Singaporean schoolchildren on Mount Kinabalu hiking trip
Singapore schoolchildren on the fatal Mount Kinabalu hiking trip in June 2015

The family members of seven school children and two teachers killed in the earthquake at Mount Kinabalu marked the first anniversary of their deaths by completing their unfinished trek to the top of the mountain. The children from the Tanjong Katong Primary School in Singapore were on a school expedition, when they were killed in the earthquake on 5 June last year.

In a symbolic expedition, the group of 40 parents and relatives set off in the early hours from Laban Rata for Mount Kinabalu. The four-hour hike saw the group working through some of the steepest granite on the mountain, Channel News Asia reported.

They reached the top of the mountain to observe the sunrise on 6 June. The mountain peak stands nearly 5,000 metres above sea level.

A total of 18 people were killed in the magnitude 6.0 quake on 5 June last year. The other victims included mountain guides and trainers. The climb was made in memory of those killed.

Melanie Oliveiro

Prior to embarking on the hike, family members lit candles and laid painted pebbles before observing a minute of silence for their loved ones. They stayed at the same place, where the children had stayed before embarking on the hike. The memorial ceremony was broadcast live via Facebook by Channel News Asia.

Dillen Jhata, 16, the brother of Sonia who was killed said: "I have never seen something so beautiful before. I am proud of myself even though my family they are not here, I am representing all of them including Sonia."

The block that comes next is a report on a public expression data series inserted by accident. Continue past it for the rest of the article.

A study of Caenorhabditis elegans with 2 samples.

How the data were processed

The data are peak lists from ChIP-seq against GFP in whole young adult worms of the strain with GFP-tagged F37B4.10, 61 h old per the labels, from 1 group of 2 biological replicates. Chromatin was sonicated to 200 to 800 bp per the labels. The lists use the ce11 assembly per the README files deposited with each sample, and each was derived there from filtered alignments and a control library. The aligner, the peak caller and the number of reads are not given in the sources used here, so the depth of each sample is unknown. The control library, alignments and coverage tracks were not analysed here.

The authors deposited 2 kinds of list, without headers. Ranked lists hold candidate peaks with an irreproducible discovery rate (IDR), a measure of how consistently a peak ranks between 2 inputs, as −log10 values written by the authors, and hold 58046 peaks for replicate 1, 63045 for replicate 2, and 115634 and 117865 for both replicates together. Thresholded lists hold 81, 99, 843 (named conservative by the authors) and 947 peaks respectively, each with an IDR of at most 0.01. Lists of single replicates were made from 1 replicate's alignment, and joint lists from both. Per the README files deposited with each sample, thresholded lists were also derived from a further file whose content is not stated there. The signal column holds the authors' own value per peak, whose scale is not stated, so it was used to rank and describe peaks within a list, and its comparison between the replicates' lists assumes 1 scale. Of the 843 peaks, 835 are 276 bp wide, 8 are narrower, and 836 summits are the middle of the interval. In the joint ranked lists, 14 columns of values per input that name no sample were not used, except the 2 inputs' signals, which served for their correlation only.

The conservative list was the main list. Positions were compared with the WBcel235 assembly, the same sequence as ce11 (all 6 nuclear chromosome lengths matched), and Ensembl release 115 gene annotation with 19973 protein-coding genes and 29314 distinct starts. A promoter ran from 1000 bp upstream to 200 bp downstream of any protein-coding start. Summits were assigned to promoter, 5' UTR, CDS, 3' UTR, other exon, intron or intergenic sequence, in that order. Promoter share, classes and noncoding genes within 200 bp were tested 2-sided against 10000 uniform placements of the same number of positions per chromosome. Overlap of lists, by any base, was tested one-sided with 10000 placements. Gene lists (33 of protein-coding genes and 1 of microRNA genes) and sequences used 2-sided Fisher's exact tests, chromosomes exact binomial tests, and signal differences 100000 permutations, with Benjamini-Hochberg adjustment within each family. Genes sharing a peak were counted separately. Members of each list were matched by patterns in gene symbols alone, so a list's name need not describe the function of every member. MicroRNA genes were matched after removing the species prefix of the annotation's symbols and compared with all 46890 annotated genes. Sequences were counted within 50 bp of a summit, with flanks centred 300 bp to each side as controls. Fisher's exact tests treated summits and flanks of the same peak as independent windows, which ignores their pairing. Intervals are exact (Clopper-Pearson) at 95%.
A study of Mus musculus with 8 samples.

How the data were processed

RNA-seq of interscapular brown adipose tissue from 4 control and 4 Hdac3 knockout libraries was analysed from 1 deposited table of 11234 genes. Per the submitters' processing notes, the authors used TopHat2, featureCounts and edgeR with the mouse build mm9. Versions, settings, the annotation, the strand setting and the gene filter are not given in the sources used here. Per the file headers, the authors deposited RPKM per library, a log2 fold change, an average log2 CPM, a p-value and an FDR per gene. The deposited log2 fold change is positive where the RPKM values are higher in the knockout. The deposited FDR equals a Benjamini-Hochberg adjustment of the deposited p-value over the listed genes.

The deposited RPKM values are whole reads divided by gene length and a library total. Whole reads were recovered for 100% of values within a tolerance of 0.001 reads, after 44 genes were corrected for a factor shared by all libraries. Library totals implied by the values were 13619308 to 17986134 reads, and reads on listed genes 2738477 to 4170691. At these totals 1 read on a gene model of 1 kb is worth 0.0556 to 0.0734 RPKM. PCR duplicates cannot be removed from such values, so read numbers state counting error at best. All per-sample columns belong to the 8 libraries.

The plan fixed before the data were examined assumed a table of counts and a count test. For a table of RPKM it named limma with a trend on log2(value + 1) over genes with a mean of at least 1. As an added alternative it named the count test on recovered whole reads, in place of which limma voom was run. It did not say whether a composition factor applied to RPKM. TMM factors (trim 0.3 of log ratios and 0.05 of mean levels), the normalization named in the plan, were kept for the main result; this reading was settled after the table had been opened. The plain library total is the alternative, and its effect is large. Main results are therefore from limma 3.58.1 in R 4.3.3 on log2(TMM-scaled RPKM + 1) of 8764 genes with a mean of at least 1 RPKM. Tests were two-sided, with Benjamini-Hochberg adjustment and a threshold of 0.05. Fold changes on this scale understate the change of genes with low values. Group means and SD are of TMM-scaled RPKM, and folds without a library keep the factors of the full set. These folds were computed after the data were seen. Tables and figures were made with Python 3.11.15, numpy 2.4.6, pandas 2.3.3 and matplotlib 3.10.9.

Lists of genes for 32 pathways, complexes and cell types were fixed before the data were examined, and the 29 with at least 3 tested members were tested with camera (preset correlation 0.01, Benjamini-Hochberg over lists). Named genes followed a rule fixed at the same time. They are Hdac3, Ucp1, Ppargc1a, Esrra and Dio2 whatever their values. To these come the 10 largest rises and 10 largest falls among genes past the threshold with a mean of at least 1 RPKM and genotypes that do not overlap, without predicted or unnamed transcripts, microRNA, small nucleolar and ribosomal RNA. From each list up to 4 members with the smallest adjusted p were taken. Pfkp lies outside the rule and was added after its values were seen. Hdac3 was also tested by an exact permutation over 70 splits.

A former student of Tanjong Katong Primary School, Chantal Phuay said: "I can't wait to hurry down to tell my family that I have done it and my friends who can't be here because their parents won't allow them and are still scared." Chantal was one of the two survivors who returned a year later to complete the trek.

The national park, a famous attraction for hikers, was closed by Malaysian authorities for repairs following the earthquake. Partial trails were opened on 1 September last year while the summit trail was finally opened in December last year. It has so far attracted nearly 2,000 climbers. There is now a six-month wait list to scale Mount Kinabalu.

Channel News Asia said that the new trail, which is said to be more scenic and safer, is scheduled to open next month. John Quok, also accompanied his son Elliot, who survived the quake on the expedition.

"I think as parents, we have to let them grow up, and let them reach their best potential," the 45-year-old said.